Every year the City of Chicago hosts three budget hearings. That is the one time per year that your Mayor Richard M. Daley must come before the people and hear their comments on the city’s budget.
This year’s budget meeting for the West Side was held a week ago Tuesday. I arrived about 6 p.m. and registered to speak. I learned my lesson from last year and didn’t mention this newspaper. Although I was one of the first to arrive last year, I was one of the last called.
When I got to the meeting, mayoral candidate Bill “Dock” Walls was already there. He had registered before me. Now one of the things the city does at the budget hearings is to fill up the place with city workers. The mayor and all his city commissioners sit at a long table. But in the back of the room are deputy commissioners who, as soon as you finish your testimony, descend on you to get more information.
In the audience are lots of other city workers who take up seats to make sure the meeting looks well attended. I say this because the major media (TV, radio, and daily newspapers) don’t announce and report on the budget hearings so city residents can know about it and attend. Plus the budget hearing is the kind of hearing that if one million people showed up to speak, the mayor would have to stay and hear from each and every one of them. So you know what the game plan is.
The hearings started at 7. The hearings always offer someone to sign for the hearing-impaired or translate it into Spanish. I was about the ninth person called to testify. I brought up several issues to the mayor. The first thing I wanted to know was when was the last time he had driven a car in the City of Chicago? His response was that it’s been a long time. Therefore, it’s safe to assume in all the years he’s been mayor, he hasn’t had to drive. He’s been chauffeured everywhere. So he hasn’t experienced the pain of $3-a-gallon gasoline and trying to get from Point A to Point B without encountering lights that don’t all go green at once so traffic can move. Or the pain of watching as aldermen place stop signs on busy streets, (Cicero and Van Buren for example) which causes a traffic backlog.
I also mentioned that my car has been hit by folks who shouldn’t be driving. They didn’t have a driver’s license. They don’t have insurance. But they did have a city sticker in their windshield. My question was this: “Why doesn’t the city ask to see a driver’s license before selling a sticker?”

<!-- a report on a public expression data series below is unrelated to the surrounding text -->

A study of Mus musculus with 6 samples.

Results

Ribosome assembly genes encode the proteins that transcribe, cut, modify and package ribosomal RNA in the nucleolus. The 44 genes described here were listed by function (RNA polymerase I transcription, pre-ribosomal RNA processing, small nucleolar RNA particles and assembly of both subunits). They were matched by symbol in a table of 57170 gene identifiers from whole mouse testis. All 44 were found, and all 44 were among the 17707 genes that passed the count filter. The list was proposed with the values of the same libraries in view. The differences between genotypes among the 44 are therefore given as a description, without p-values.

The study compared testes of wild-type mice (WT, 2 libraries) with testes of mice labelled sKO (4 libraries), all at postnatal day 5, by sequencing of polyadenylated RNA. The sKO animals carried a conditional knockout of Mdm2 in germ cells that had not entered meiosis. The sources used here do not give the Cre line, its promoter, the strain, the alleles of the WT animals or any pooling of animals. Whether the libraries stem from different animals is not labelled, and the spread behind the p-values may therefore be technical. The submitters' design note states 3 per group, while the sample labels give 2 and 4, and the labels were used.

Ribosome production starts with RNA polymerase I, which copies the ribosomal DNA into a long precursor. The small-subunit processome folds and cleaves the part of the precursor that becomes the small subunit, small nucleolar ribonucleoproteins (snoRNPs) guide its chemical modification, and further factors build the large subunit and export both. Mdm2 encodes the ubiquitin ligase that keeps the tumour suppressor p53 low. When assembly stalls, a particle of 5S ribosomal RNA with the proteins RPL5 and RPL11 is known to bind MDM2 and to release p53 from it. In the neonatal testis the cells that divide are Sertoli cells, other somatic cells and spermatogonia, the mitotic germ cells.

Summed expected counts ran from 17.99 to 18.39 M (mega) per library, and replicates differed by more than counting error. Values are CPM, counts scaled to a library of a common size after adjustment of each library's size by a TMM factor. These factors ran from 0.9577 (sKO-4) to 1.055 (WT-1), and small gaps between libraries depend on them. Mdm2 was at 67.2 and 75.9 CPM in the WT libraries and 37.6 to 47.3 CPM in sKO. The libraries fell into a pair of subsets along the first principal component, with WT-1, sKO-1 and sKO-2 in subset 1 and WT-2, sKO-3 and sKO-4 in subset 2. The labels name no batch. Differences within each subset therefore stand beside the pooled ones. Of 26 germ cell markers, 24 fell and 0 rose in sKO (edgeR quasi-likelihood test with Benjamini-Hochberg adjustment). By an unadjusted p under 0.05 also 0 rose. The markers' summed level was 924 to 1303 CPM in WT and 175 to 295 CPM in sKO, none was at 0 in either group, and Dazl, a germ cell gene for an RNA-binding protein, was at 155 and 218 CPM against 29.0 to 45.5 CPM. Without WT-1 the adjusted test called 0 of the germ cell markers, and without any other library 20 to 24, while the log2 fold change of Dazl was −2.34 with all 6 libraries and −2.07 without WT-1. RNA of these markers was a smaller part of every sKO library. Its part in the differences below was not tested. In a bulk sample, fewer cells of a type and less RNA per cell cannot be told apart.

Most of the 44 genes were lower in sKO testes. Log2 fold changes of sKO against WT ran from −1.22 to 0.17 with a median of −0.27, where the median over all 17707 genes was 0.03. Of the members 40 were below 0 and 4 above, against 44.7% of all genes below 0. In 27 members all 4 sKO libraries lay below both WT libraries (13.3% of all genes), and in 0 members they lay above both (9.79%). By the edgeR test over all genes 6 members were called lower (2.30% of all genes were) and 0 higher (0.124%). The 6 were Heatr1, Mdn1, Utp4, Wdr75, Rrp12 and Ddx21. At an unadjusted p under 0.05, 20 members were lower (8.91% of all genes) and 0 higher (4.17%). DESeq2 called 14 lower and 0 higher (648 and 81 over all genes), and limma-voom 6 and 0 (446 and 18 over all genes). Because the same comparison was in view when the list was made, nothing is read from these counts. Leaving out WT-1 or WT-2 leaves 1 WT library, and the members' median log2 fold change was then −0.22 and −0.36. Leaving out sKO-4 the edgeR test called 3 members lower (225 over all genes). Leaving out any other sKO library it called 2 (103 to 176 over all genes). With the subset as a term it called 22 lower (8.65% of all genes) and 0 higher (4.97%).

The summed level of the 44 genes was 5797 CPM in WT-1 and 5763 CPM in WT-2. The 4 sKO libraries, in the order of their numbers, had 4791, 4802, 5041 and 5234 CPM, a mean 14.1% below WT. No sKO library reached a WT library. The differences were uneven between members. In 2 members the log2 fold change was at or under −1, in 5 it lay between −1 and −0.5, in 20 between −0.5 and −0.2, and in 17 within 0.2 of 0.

Guess what? No one answered that or spoke with me about it later!
I also spoke about the ability of the city to use the dumpster task force to close down restaurants but ignore the corn carts that are starting to proliferate up and down Laramie. In fact, to those of you who buy from those carts, where do those people use the bathroom and wash their hands and how can you use mayonnaise that’s been sitting in the hot sun?
Lastly, I mentioned to the mayor that parking at the budget hearings is always difficult. I suggested to him that in the future, all of them should come to the hearings by catching the CTA. What better way to show support for public transportation than the mayor himself using it? Again that idea wasn’t one that anyone spoke with me about later.
The hearings went on well past 9 p.m. I wanted to hear what Bill “Dock” Walls had to say, so I stayed. They finally called Dock’s name at 9:30 p.m., even though he had registered before me. That is the city’s method of making sure those who will bring up issues are heard by the fewest number of people.
The last budget hearing was held last Thursday at the South Shore Cultural Center. Dock again arrived and registered to speak. The Cultural Center hearing was filled to capacity with black folks who are fed up with not getting anything in return for the taxes we pay. At the two other budget hearing meetings, the mayor demonstrated a lot of arrogance toward people when they brought up their issues. Dock had also brought out many of his supporters, so the tension was in the air.
At a little past 8, they called “Guillermo Paredes” to speak. Bill “Dock” Walls stood up and walked to the mike. A flash of anger went across Mayor Daley’s face. Daley, police superintendent Cline and budget director Volpe all immediately went into conference. A couple of burly undercover cops in suits tried to block Dock. But Dock told them they had called his name-albeit in Spanish!
Dock’s first words to the mayor were a question to the audience. “What does ‘Paredes’ mean?” he asked. “Walls,” we responded. “What does ‘Guillermo’ translate to?” he asked. “William,” we shouted.
“Mayor Daley, my name translated into Spanish is Guillermo Paredes,” Dock said. Our mayor was none too pleased. I’m sure that the Spanish translator who didn’t catch the meaning of the name will be in hot water. Dock spoke eloquently for 15 minutes on all aspects of the budget. From the trucking scandal, to the hiring scandals, to the lack of economic development of the neighborhoods while half a billion dollars was spent on Millennium Park. Bill did a fantastic job of castigating Daley’s record.
This Sunday, we can talk more about the budget hearings, or whatever you want, beginning at 9 p.m. Call 605-772-3200 (this is long distance so use your cell) and enter this Access code: 806598#. For cellphone users, this is just like a local call using your nighttime minutes.